Should You Purchase A Cable Modem?
I was paying my cable TV company nearly $5 a month to lease a broadband cable modem. Then, I realized I could buy my own, a purchase that would pay for itself in little over a year. So, I bought a Linksys CM100 from B&H, installed it myself, and returned the leased modem to RCN, the cable system operator. While owning your own modem makes sense for some cable customers, ownership isn't for everyone..
Swapping out one cable modem for another is straightforward. You transfer the coaxial cable and Ethernet wire from the leased modem to the new modem, then power up the new modem. Since the coaxial cable was already my active on-ramp to the Internet (the cable company is my Internet Service Provider or ISP) and the Ethernet wire already ran to my router for wired and wireless links to all the networked devices in my home, the physical set-up was complete.
When I launched the browser on my computer, I was automatically redirected to my cable company's site with a screen indicating that RCN had detected an unregistered modem. It prompted me to input account information. It stated that I would not be credited for the leased modem until I returned it.
|Front view with LEDs that indicate status||Rear includes RJ-45 (yellow) and cable connections|
I experienced some initial glitches. Download speed dropped from about 17-Megabits per second before switching modems to 7-Mbps. Also, I was suddenly unable to connect to about half my bookmarked sites. So, I temporarily switched back to the leased modem. In a phone call with Linksys technical support, I was reassured that the modem was compatible. (I was replacing one made by Scientific-Atlanta, a Linksys sister company. Both are owned by Cisco.) So, I tried again, and this time, the data throughput was maintained, and I had no trouble accessing every site. After a few days of Net bliss, I returned the leased modem to RCN's walk-in store in Manhattan, where I was told I'd be credited $4 a month. It was a buck less than I expected, but the accrued savings would still be significant. The next month my bill did indeed decrease, a miracle in Cabletown.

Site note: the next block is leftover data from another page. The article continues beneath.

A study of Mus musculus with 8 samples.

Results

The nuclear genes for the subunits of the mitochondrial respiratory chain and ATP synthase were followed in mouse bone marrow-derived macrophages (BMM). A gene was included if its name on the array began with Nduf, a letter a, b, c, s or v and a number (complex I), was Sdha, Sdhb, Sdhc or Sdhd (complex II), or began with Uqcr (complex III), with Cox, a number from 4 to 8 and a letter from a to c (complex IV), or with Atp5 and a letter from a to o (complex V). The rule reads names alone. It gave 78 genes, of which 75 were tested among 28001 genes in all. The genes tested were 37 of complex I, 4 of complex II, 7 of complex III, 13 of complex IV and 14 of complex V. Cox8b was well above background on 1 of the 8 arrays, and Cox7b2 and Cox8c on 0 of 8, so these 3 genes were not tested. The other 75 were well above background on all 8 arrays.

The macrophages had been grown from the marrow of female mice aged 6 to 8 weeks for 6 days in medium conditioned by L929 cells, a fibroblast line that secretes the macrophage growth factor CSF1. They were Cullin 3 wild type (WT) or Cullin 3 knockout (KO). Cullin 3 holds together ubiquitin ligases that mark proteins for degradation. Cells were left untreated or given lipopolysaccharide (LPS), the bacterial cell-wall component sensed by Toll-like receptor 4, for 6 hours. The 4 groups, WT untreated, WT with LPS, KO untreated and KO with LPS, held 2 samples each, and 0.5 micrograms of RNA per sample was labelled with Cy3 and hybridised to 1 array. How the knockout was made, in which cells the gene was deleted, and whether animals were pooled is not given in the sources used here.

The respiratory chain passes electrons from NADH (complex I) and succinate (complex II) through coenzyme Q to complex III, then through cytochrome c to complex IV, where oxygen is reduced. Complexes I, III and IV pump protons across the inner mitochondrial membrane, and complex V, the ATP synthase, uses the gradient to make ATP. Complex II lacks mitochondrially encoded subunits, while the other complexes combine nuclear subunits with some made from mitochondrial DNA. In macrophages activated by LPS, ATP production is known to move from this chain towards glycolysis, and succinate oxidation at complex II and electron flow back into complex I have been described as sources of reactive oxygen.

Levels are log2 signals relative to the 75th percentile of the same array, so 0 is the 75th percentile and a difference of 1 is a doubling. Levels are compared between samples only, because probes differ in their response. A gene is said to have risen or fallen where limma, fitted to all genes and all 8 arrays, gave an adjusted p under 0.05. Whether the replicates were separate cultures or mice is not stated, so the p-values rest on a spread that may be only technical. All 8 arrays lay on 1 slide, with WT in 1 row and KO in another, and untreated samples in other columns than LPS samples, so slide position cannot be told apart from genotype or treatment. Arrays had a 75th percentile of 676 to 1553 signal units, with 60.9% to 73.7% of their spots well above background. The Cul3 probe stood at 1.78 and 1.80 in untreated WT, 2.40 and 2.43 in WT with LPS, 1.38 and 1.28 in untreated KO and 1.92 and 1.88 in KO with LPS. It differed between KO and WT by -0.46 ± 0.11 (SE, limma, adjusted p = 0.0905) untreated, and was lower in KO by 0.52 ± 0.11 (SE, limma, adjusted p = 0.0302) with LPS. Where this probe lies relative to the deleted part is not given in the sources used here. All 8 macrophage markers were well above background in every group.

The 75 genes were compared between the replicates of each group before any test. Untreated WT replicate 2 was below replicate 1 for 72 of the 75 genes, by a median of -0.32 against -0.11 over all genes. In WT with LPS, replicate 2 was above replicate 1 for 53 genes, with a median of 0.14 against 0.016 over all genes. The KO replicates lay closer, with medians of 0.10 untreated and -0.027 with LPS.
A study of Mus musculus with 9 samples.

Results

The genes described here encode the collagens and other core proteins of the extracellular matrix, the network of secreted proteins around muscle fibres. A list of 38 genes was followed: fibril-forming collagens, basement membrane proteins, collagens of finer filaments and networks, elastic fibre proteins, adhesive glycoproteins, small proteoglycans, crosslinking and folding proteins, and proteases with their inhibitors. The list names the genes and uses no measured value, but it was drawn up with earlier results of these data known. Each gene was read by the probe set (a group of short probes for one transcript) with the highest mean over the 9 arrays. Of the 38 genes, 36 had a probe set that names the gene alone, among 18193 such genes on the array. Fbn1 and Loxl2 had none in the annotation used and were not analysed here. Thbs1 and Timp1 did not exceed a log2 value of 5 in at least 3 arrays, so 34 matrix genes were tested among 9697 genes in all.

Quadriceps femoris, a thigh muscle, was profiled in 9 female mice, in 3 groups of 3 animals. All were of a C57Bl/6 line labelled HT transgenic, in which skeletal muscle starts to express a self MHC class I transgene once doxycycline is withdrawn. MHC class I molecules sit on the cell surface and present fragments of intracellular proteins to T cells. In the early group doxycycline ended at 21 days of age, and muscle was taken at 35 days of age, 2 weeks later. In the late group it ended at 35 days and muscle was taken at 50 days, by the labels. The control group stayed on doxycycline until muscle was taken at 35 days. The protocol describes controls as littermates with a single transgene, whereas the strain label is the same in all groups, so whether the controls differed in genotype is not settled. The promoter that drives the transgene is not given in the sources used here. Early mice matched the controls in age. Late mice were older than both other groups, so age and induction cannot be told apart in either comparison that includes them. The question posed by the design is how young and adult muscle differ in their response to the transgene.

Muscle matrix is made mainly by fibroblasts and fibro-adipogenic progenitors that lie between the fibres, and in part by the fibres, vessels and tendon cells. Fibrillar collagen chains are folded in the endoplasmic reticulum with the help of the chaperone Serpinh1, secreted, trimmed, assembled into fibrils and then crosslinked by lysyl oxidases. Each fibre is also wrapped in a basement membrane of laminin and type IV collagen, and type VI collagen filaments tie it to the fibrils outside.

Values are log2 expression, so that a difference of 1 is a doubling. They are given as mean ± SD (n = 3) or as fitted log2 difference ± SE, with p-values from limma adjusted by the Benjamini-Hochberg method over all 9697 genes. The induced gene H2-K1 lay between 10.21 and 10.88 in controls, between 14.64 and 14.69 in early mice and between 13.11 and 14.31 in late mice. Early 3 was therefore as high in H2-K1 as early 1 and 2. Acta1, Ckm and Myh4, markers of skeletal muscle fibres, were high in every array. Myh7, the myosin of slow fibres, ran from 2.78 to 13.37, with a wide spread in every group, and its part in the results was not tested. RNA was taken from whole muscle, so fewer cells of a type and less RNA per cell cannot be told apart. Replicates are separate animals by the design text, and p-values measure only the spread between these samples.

If you're an RCN customer, the savings from investing in your own modem will come sooner than if you're a Time Warner Cable customer. TWC of NYC will shave $1 off your bill if you buy your own modem, which means you're looking at closer to five years to break even at current equipment and cable prices. Subscribers to CableVision's Optium Online service shouldn't expect any savings since the company says the modem is included with the service at no additional cost.
Then, there's the looking-forward question. While I don't expect cable companies to significantly increase download and upload speeds in the near future, there is a new standard coming called DOCSIS 3.0 which supports the type of 50 to 100-Mbps speeds experienced by Net users in places like South Korea. The CM100 as well as the D-Link DCM-202 (left) are DOCSIS 2.0-compatible but not 3.0-compatible.
So, if you think owning a cable modem will save you some money, check your cable company's Web site for a list of compatible models. And if you're not sure about how much you'll save, give your cable operator a call.
For more tips about getting the most from your cable TV subscription, see 3 Ways to Get Your Money's Worth from Cable TV.